To file a use-based application, you must have begun use of your mark in U.S. commerce for all of the goods or services claimed in the application. For goods, use in commerce means that you have already sold or distributed the goods to U.S. consumers with the mark on the goods or on labels or packaging for the goods. For services, use in commerce means that you are already performing the services for U.S. consumers under the mark.
Note that advertising or promoting your goods or services before you are selling or performing them is not use in commerce for application purposes. If you have not begun use in commerce yet, you should consider an intent-to-use application.
Assuming no difficulties, a registration usually issues within 9 to 12 months of filing a use-based application.
An intent-to-use application (“ITU”) is appropriate when you have not yet begun using your mark in U.S. commerce in connection with all of the goods or services to be claimed in your application. Use in U.S. commerce means that you are using the mark now to actively sell or distribute your goods or to actually perform your services in U.S. commerce. Simply advertising or promoting your goods or services before you’ve begun selling goods or performing services does not count as use in commerce.
An ITU allows us to file an application now and prove use in commerce later, giving you some breathing room to develop and launch your product or service without fear that a competitor might scoop the mark before you are able to begin use. An ITU generally costs more overall than a use-based application because more filings are involved, but the peace of mind and competitive advantage could be very valuable.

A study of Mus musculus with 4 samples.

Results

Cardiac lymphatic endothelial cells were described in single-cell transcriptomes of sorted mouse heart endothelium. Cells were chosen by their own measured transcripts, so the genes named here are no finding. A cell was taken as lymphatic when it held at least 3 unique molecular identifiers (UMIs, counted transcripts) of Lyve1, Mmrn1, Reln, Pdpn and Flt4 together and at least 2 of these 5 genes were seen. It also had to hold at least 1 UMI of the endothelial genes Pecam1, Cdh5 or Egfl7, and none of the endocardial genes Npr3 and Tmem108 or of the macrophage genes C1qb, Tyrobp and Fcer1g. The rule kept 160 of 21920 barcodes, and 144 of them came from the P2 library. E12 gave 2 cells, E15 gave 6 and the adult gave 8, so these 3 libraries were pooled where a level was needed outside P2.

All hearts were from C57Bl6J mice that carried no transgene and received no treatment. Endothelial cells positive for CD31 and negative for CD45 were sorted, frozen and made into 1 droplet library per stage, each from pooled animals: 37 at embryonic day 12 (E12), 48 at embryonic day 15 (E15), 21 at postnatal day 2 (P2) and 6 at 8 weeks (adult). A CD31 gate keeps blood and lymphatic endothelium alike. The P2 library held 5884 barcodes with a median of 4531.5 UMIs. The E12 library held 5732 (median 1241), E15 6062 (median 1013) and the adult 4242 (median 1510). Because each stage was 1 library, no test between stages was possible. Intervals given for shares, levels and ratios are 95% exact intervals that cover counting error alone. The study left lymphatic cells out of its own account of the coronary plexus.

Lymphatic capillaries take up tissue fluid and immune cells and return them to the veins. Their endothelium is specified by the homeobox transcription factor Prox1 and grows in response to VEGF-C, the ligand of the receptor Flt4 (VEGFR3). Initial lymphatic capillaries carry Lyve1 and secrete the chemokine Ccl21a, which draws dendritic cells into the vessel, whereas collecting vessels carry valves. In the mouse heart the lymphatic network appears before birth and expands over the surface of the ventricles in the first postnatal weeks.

An ITU is a powerful tool to help protect you from competitors who might adopt the same or a similar mark before you launch. Your trademark rights will extend back to the date you filed the ITU if your ITU ultimately results in a registration. So, if you file an ITU today that results in a registration but do not begin using your mark for another four months, you will have priority of rights over a competitor that starts using the same mark for the same goods or services tomorrow. In other words, that competitor will be infringing your trademark rights, even though the competitor began use before you. On the other hand, if you don’t file the ITU today and your competitor starts use tomorrow, you could be the infringer when you launch.
Assuming no difficulties, a Notice of Allowance (rather than a registration) usually issues within 9 to 12 months of filing an ITU. From there, timing will depend on when you begin using the mark in U.S. commerce. From the date of the Notice of Allowance, you will have six months to prove use. If you haven’t begun use by the end of that six month period, you can request six more months to prove use. You can request a total of five such extensions, assuming you have ongoing business activity to put the mark into use. All told, there are possibly three years to prove use from the date of the Notice of Allowance. Note that there are fees for each request for extension of time.